The campaign has attracted criticism from widows who called it "offensive".
A McDonald's spokesperson said: "This was by no means an intention of ours."
"We wanted to highlight the role McDonald's has played in our customers' everyday lives - both in good and difficult times," the spokesperson added.
The campaign, from London-based advertising agency Leo Burnett, first aired on 12 May and is scheduled to run for seven weeks.
In the advert, the boy asks his mum about his absent dad, sparking some reminiscence.
The boy is left to wonder whether he and his father had anything in common, until he arrives at a McDonald's restaurant and orders a Filet-o-Fish and the mother says: "That was your dad's favourite too."
Bereavement charity, Grief Encounter said it had received "countless calls" from parents saying their bereaved children had been upset by the advert.
Sarah Fox's husband died two years ago. The 37-year-old from London said her seven-year-old son, who saw the advert, had only just started to understand the implications of his loss.
She said: "The advert was confusing for him and really upset him. He asked me why the boy on TV wasn't 'sad' and how he could feel happy again?
"It's an unnecessary subject to exploit for the gain of a brand."
Tania Richman, 44 from Brighton, East Sussex, said her teenage children, whose father died last year, were also "upset and offended" by the advert.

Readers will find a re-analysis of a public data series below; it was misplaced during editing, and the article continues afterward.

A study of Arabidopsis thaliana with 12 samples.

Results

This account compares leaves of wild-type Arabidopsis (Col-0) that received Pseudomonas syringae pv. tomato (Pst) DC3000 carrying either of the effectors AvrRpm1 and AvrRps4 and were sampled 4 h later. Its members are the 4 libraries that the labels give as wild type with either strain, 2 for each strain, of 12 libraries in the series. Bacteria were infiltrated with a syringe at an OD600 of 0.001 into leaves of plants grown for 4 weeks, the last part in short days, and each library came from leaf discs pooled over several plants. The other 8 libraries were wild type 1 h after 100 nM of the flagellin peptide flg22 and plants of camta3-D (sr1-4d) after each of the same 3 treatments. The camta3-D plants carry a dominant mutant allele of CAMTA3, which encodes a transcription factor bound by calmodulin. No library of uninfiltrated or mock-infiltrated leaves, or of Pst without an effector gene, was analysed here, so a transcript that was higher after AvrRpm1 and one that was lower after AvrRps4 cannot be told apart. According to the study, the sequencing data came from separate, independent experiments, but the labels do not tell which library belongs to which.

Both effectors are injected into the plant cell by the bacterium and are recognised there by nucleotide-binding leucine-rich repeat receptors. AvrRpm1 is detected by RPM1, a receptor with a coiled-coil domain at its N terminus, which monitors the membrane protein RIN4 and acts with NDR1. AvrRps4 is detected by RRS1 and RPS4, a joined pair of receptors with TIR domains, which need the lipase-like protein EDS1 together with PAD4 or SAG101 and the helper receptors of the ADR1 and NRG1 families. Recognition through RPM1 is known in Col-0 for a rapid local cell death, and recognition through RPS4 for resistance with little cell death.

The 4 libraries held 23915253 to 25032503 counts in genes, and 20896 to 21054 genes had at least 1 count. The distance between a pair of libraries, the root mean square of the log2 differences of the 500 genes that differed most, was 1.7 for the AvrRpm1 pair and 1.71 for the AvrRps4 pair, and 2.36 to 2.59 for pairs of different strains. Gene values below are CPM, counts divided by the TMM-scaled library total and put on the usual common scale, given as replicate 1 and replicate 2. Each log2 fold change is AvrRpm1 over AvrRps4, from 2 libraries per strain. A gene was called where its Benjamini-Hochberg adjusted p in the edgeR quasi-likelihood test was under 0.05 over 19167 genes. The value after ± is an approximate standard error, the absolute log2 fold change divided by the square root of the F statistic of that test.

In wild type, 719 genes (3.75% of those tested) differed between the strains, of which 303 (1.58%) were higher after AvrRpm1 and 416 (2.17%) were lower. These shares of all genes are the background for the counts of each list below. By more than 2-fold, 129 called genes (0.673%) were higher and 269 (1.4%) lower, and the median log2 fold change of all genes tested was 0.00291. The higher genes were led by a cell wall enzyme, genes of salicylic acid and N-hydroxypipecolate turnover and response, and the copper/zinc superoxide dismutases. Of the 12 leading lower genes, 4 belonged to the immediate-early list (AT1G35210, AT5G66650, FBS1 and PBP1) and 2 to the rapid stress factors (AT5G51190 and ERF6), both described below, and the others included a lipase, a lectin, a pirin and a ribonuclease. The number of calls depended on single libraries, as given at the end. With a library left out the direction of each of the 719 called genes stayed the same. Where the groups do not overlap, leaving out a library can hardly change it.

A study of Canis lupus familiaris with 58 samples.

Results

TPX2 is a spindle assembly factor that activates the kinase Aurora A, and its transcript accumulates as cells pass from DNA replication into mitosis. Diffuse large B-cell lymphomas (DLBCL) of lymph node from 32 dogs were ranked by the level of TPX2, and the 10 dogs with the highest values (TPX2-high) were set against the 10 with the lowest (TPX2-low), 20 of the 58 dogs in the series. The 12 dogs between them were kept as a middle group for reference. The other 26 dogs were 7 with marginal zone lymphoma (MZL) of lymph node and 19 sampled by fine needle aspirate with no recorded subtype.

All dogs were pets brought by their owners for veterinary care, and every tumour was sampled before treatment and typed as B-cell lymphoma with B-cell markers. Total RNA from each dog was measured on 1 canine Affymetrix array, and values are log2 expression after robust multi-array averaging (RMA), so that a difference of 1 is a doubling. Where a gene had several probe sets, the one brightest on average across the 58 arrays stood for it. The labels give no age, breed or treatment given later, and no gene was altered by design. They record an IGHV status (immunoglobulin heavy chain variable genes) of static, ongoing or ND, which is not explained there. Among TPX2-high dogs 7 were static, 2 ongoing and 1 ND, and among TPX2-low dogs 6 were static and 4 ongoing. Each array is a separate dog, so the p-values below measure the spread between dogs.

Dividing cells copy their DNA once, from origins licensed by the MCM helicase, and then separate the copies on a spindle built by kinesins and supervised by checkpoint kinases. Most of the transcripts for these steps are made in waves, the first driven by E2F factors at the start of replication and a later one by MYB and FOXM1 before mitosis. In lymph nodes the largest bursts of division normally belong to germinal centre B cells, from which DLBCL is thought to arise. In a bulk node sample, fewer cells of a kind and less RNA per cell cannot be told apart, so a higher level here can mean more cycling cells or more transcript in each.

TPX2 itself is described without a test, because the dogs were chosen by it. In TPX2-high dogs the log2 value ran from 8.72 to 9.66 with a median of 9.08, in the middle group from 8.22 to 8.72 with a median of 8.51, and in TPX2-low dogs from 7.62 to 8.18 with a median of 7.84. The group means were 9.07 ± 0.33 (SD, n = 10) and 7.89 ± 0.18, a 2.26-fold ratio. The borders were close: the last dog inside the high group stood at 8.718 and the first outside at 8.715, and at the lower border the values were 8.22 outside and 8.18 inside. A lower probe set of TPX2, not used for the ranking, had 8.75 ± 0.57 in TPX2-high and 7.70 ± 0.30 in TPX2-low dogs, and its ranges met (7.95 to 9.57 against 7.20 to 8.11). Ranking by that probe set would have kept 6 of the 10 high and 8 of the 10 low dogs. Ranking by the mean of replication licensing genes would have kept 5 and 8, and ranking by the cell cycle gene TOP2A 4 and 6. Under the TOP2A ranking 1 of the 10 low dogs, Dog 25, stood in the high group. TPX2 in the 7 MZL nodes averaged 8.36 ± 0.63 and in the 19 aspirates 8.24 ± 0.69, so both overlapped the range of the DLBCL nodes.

She said: "I didn't know how to handle them afterwards."
Leah Miller, 42 from London raised concerns about the lack of support advice offered after the advert.
"What are children supposed to think after watching it? That a simple meal can solve their emotional pain?
"It's irresponsible not to include any support advice or information for families affected by this issue."
The Advertising Standards Authority said it had received complaints regarding the advert, and would "carefully assess them to see whether there are grounds to investigate".
One in 29 children in the UK are bereaved of a parent or sibling by the time they are 16, according to Grief Encounter, which offers support to bereaved children and their families.
Dr Shelley Gilbert, founder and president of the charity, said: "McDonald's have attempted to speak to their audience via an emotionally driven TV campaign.
"However, what they have done is exploit childhood bereavement as a way to connect with young people and surviving parents alike - unsuccessfully.
"We fully support children and surviving parents remembering loved ones with memory boxes, family experiences which remind them of happier times and openly talking about the member of the family that has died.
"But trying to insinuate that a brand can cure all ills with one meal is insensitive and shouldn't be a way to show that a brand recognises 'the big moments in life'."